MIT researchers have improved their machine learning system developed to predict cancer risk from mammogram images, and validated their effectiveness with studies across several hospitals.

How does Mirai work?

The current model utilizes your family history, demographics, and other information to create a risk score.  MIRAI works differently and looks at the patterns in your mammogram. MIRAI uses an algorithm (or a set of rules to be followed in a calculation) to model a patient’s risk over time. The algorithm was developed by “teaching” the software tool with over 200,000 mammograms, and then – confirming its accuracy on other sets of mammograms. In this way, the tool gets a lot of experience by looking at many different patients, and then can make better predictions for future patients. MIRAI gives doctors another tool to use to personalize the best care for their patients.

Can the software “see things” that the radiologist cannot see?

Extensive training and experience are what allow radiologists to have a good intuition with respect to risk assessment, usually heavily relying on statistics based on risk factors such as age. MIRAI helps the doctors to formalize this intuition, by proposing a systemic and comprehensive computation of risk over time. Moreover, radiologists usually don’t use images to assess risk, but rather to give a diagnosis if they notice something abnormal on the image. On the other hand, MIRAI can identify patterns in the image that may indicate future risk. MIRAI software, though not yet FDA-approved, has been tested in 7 different hospitals across the world in over 100,000 women and has been shown to be more accurate in predicting the risk for developing breast cancer in the short term (over a 3-5 year period) compared to traditional tools. Researchers also found that MIRAI was accurate across patients who were of different races, ages, and breast density categories.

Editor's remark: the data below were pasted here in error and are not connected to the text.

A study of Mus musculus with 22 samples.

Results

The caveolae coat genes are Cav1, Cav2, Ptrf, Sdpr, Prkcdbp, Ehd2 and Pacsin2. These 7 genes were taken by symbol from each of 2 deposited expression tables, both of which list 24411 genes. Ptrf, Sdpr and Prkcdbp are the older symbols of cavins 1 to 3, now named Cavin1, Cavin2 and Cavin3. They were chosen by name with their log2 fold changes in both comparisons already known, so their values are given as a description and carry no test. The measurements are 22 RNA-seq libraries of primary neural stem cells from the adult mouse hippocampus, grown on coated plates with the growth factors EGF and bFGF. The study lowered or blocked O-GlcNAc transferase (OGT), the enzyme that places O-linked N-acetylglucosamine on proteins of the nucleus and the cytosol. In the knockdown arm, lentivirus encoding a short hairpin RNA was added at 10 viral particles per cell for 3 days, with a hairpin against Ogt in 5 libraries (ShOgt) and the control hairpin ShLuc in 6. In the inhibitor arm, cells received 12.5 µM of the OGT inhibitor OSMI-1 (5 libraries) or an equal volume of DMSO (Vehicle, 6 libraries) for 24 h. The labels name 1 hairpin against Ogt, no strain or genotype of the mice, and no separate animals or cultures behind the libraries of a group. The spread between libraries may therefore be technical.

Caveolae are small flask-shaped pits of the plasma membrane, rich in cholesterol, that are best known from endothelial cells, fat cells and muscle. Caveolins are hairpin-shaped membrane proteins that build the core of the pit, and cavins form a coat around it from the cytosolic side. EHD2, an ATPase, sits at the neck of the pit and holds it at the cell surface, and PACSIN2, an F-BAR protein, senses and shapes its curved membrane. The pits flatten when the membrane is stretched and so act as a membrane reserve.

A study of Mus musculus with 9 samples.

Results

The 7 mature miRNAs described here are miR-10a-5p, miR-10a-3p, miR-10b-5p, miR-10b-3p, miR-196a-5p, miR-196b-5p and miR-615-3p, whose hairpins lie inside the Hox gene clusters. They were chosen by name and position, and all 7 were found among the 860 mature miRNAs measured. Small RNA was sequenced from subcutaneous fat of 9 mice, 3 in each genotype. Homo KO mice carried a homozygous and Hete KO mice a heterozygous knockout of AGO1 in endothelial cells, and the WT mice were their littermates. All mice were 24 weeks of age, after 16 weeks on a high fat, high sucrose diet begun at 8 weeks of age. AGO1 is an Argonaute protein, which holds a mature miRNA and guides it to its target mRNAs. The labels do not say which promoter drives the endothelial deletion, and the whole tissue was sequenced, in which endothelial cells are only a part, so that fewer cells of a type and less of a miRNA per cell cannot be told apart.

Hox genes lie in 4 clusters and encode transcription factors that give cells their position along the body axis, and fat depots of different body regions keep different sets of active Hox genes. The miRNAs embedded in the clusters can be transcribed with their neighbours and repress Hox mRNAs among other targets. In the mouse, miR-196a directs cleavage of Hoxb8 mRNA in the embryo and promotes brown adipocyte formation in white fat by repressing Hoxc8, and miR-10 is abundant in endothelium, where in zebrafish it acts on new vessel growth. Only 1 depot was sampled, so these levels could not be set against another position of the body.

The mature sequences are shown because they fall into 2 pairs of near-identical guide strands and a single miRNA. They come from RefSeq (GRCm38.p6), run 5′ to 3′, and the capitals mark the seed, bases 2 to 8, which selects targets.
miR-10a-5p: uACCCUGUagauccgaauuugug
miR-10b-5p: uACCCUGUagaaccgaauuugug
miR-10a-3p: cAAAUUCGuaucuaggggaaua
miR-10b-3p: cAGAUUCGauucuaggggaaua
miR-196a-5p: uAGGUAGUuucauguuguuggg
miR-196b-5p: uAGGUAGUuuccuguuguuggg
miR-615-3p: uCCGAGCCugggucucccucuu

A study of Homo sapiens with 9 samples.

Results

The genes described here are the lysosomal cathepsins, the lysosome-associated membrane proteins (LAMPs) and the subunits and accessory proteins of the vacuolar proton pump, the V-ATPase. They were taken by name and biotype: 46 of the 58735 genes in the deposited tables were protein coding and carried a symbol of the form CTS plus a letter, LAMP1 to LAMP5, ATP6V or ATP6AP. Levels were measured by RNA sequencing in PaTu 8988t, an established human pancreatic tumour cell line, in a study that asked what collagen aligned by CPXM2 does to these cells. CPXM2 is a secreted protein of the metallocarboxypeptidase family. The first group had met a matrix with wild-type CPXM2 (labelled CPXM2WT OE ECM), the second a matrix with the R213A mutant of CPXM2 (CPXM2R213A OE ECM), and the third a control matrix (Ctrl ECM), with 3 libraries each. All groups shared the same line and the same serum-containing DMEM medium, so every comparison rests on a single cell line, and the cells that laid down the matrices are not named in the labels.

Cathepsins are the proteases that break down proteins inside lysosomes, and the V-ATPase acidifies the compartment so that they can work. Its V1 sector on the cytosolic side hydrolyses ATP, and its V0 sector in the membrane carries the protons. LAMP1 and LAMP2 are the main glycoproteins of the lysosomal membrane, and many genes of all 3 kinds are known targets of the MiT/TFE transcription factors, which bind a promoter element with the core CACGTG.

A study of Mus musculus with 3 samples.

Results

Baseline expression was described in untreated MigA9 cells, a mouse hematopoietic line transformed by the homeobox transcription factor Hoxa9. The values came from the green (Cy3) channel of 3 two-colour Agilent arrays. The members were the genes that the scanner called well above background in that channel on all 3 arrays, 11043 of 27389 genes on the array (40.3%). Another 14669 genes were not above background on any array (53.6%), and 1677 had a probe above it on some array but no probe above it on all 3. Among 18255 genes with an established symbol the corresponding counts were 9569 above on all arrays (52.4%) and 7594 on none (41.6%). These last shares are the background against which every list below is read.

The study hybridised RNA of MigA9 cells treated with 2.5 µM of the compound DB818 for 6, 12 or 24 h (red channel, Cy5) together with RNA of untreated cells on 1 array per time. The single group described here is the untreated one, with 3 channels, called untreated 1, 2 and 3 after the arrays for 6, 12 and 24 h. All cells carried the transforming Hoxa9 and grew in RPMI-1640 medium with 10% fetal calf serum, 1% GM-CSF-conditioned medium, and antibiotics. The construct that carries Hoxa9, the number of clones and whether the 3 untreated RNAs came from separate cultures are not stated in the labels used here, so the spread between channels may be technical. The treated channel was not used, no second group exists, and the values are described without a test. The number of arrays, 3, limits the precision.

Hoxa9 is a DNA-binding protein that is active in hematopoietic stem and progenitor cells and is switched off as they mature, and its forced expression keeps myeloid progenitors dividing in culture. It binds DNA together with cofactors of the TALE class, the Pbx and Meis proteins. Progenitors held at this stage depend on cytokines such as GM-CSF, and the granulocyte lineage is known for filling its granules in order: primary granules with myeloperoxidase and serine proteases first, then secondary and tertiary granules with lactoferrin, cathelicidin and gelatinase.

Why are things like family history not included in the tool?  Does this affect the tool’s reliability?

MIRAI has been trained to predict risk factors from using only a mammogram image and uses these factors to give the final risk assessment. The software predicts an individual’s risk equally well, with or without the addition of family history data. Traditional risk factors are therefore captured in the mammogram image but in a smart way, that allows it to still account for them even for patients for which this data is missing.

Does the computer make the decision, or the doctor?

Ultimately, all the decisions are made by doctors, not the computer. The aim of MIRAI is to provide physicians with an even more accurate risk assessment tool than the ones on which they already rely.

Is MIRAI validated for use in all women of all ages as a standard of care?

MIRAI has been retrospectively validated on globally diverse test sets from Massachusetts General Hospital, USA; Novant, USA; Emory, USA; Maccabi-Assuta, Israel; Karolinska, Sweden; Chang Gung Memorial Hospital, Taiwan; and Barretos, Brazil.

The Novant dataset patients were age 40-69 years. Maccabi-Assuta dataset patients were age 30 years or older. The Karolinska dataset patients were age 40-74 years. The CGMH dataset patients were age 45-70 years. Barretos patients were patients age 40 to 69 years.

You can learn more about the multi-institutional validation of Mirai here.

Can I use MIRAI for my own mammogram?

You are welcome to access the code for MIRAI to assess your mammogram for breast cancer risk. Due to a high volume of these types of requests, we are not able to use MIRAI to assess your mammogram on your behalf nor are we able to accept requests for enrollment in a clinical trial.

Is MIRAI being deployed in Mass General Brigham for all women undergoing breast cancer screening?

MIRAI is currently being prospectively deployed for real patients in several hospitals around the world, including Mass General Brigham, as part of our hospital network. However, its current usage is focused primarily on research and it is not being used on all patients undergoing breast cancer screening. We hope that future results from the research will allow MIRAI to be integrated into the standard of care.